Are We Creating Monsters?: TV and Aggression (page 2)
The amount of violence portrayed on television is staggering. Researchers estimate that by the time the average child in the United States leaves elementary school, that child will have viewed more than 8,000 murders and 100,000 other violent acts on network TV alone. This doesn't include cable channels or movies on videotapes or DVDs! Saturday-morning cartoons and late-afternoon and early-evening programs, all aired at times when children are most likely to be watching, have the highest rates of violent acts (Comstock & Paik, 1991; Huston et al., 1992). In addition, TV often portrays violence as good, without consequence, causing no pain or suffering, and even funny: In short, TV portrayals are very different from real-life violence.
But even if children view violence regularly on television, does it affect their behavior? Meta-analyses of the many studies investigating this issue conclude that TV violence has a moderate negative impact on children's behavior. The effect is similar for boys and girls, and it is larger for children than adults (Bushman & Huesmann, 2001; Hogben, 1998; Huston & Wright, 1998; Paik & Comstock, 1994). In general, then, violence on television is related to later aggressive behavior, and the relationship may be of particular concern for children.
One well-known study followed a sample of boys and girls for 22 years. The researchers looked at the relationship between the amount and level of violence of the television they watched as children and their aggressive behavior in adulthood (Eron, Huesmann, Lefkowitz, & Walder, 1972; Huesmann & Miller, 1994). For boys, watching TV violence at age 8 was the best predictor of aggressiveness at age 18, and those who watched the most TV at age 8 were most likely to engage in violent criminal behavior by age 30. But couldn't it be that children who had aggressive tendencies chose to watch more violent TV and engaged in more violent behavior, so the violence of TV was not a causative factor? Boys who were already aggressive at age 8 did watch more TV. But even among these already aggressive children, the boys who watched more TV had committed more serious criminal offenses by age 30 than those who watched less. It seems there is a bidirectional effect: More aggressive children prefer more violent TV, but TV violence increases their aggression even more. Later studies showed similar relationships between TV violence and later aggression in women and in several countries (though not in all countries studied), even after researchers statistically controlled for the influences of earlier aggression, intelligence level, and social class (Bushman & Huesmann, 2001; Huesmann, Moise-Titus, Podolski, & Eron, 2003).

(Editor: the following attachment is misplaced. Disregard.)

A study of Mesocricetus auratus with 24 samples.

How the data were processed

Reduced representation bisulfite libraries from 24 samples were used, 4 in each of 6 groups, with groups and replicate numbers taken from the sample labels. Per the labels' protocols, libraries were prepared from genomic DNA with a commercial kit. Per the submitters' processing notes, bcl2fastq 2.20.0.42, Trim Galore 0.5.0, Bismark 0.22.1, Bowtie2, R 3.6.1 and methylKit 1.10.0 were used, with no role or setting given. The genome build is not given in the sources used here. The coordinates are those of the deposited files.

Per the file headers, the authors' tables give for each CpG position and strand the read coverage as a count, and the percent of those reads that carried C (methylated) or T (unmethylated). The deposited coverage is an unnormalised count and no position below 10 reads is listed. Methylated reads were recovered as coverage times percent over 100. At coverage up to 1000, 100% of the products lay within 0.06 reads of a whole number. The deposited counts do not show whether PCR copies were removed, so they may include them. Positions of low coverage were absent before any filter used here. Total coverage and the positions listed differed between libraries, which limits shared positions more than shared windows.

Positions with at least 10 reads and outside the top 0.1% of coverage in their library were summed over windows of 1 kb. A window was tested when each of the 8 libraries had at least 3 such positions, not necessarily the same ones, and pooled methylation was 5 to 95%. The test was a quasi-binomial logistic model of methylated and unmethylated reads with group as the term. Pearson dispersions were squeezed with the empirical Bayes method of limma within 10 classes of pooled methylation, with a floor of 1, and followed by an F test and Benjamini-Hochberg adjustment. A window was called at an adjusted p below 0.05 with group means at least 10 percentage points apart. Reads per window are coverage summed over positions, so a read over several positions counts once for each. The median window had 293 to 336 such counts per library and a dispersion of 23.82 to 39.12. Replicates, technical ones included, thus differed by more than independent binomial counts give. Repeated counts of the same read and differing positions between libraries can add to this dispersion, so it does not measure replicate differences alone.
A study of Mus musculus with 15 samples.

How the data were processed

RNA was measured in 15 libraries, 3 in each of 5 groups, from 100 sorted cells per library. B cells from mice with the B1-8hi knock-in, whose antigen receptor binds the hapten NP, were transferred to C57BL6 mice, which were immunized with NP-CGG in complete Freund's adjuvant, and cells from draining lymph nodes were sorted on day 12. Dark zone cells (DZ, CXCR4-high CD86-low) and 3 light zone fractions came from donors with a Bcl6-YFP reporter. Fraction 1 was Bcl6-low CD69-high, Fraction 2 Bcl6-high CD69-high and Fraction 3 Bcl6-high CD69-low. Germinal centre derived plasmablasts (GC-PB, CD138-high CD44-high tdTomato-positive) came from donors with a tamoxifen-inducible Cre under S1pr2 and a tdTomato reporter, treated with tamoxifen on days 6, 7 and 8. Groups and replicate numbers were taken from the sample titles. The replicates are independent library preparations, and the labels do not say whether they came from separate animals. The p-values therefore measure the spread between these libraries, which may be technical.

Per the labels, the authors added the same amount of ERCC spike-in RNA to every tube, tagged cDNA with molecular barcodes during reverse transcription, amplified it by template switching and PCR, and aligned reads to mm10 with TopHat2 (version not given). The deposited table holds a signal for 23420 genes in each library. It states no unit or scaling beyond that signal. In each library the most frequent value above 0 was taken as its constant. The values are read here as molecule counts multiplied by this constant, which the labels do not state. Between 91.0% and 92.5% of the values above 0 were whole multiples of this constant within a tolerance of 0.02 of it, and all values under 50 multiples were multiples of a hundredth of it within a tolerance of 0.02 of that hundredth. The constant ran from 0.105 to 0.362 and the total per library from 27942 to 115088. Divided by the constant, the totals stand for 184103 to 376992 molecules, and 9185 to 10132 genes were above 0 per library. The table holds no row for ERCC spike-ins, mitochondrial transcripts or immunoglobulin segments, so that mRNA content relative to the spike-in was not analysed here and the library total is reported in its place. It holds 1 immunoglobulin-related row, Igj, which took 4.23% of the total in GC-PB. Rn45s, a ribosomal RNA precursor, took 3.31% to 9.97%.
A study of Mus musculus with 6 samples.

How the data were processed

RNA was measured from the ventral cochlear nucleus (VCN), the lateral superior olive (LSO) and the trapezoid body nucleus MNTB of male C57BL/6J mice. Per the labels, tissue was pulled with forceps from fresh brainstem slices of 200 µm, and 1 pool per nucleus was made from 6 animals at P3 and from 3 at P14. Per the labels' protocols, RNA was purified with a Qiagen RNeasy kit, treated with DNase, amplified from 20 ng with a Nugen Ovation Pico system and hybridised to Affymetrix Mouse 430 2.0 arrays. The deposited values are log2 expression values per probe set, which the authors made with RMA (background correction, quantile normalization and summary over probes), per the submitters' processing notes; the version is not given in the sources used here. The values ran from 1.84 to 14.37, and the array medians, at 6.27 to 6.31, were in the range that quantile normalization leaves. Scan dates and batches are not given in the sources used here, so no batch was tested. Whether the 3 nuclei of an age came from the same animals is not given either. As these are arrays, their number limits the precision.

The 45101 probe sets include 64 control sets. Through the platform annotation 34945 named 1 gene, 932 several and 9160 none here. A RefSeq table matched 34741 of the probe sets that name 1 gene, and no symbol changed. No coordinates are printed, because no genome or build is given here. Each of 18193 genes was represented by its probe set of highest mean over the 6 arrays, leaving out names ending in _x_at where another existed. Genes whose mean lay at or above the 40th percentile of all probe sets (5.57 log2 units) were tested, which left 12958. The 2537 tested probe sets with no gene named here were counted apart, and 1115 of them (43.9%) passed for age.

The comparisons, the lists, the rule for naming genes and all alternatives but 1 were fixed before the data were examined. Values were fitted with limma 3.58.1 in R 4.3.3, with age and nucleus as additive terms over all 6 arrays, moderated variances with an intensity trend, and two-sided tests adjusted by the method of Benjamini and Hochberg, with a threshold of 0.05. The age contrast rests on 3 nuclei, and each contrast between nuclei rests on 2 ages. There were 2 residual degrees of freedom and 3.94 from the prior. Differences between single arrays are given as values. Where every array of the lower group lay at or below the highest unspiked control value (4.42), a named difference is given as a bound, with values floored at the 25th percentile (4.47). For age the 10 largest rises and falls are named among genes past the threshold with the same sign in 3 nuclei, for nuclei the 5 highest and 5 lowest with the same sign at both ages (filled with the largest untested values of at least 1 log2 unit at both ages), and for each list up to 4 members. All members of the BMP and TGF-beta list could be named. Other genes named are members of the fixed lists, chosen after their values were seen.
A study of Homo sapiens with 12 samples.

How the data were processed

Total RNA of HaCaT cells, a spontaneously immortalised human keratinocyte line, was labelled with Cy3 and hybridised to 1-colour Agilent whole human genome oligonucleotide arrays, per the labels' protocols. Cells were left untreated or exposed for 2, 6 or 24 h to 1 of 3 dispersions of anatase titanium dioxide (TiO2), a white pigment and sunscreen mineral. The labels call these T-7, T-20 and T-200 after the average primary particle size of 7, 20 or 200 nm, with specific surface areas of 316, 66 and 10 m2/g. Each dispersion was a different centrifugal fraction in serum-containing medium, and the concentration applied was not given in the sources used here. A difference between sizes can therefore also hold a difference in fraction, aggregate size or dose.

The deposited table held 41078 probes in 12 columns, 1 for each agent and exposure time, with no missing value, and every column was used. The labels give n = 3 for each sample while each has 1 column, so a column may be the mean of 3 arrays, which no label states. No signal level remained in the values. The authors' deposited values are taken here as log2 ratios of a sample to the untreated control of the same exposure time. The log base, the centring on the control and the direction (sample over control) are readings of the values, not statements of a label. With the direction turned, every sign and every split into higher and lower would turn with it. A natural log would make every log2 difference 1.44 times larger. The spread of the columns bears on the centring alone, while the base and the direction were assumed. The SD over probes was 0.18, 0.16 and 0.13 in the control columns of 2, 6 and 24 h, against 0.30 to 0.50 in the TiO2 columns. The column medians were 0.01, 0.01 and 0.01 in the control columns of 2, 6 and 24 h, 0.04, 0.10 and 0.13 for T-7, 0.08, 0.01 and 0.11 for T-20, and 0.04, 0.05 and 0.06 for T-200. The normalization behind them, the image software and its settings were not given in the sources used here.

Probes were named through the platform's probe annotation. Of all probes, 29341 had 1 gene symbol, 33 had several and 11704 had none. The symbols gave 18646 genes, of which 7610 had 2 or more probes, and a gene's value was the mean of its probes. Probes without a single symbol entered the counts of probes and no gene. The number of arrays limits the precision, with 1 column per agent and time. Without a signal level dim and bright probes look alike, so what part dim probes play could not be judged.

Establishing a relationship is one thing, but even a strong correlation does not prove a causal link. Experimental studies are needed for this, and there have been many experimental tests of the short-term effects of television violence on children's aggressive behavior. Probably the best-known examples were experiments conducted by Albert Bandura. Bandura randomly assigned children to view either violent or nonviolent video clips, then observed the children's behavior afterward while they played with one another or with toys. Children who viewed the violent videos behaved more aggressively with both people and objects. Bandura found this effect across genders, across ethnicities, and regardless of whether children showed preexisting aggressive tendencies (Bandura, 1977). The evidence is clear that watching violence on television causes children to behave more aggressively in the short term; and there is increasing evidence of a long-term effect as well (Anderson et al., 2003; Comstock & Scharrer, 2006).
Does this mean that any viewing of media violence will create aggressive behavior in all children? No. There are important interactions with other factors. As we saw in the longitudinal study described earlier, TV violence may exert its greatest long-term influence on children who already have aggressive tendencies. The effects are stronger for children who identify more with the TV characters, whose fantasy play and conversation are more centered in television, and whose parents use harsh physical punishment (Anderson et al., 2001; Gunter & McAleer, 1997; Huesmann et al., 2003). One journal article compared the relationship between TV violence and aggression to the link between smoking and lung cancer. Not everyone who smokes develops lung cancer, and not everyone who gets lung cancer is a smoker; smoking is not the only cause of lung cancer. Similarly, not every child who views hours of TV violence becomes aggressive, and not every child who behaves aggressively has watched lots of TV; watching violence on TV is not the only cause of aggressive behavior. But just as smoking is a significant risk factor for lung cancer, watching a steady diet of violent TV during childhood seems to be a risk factor for later aggressive behavior (Bushman & Anderson, 2001).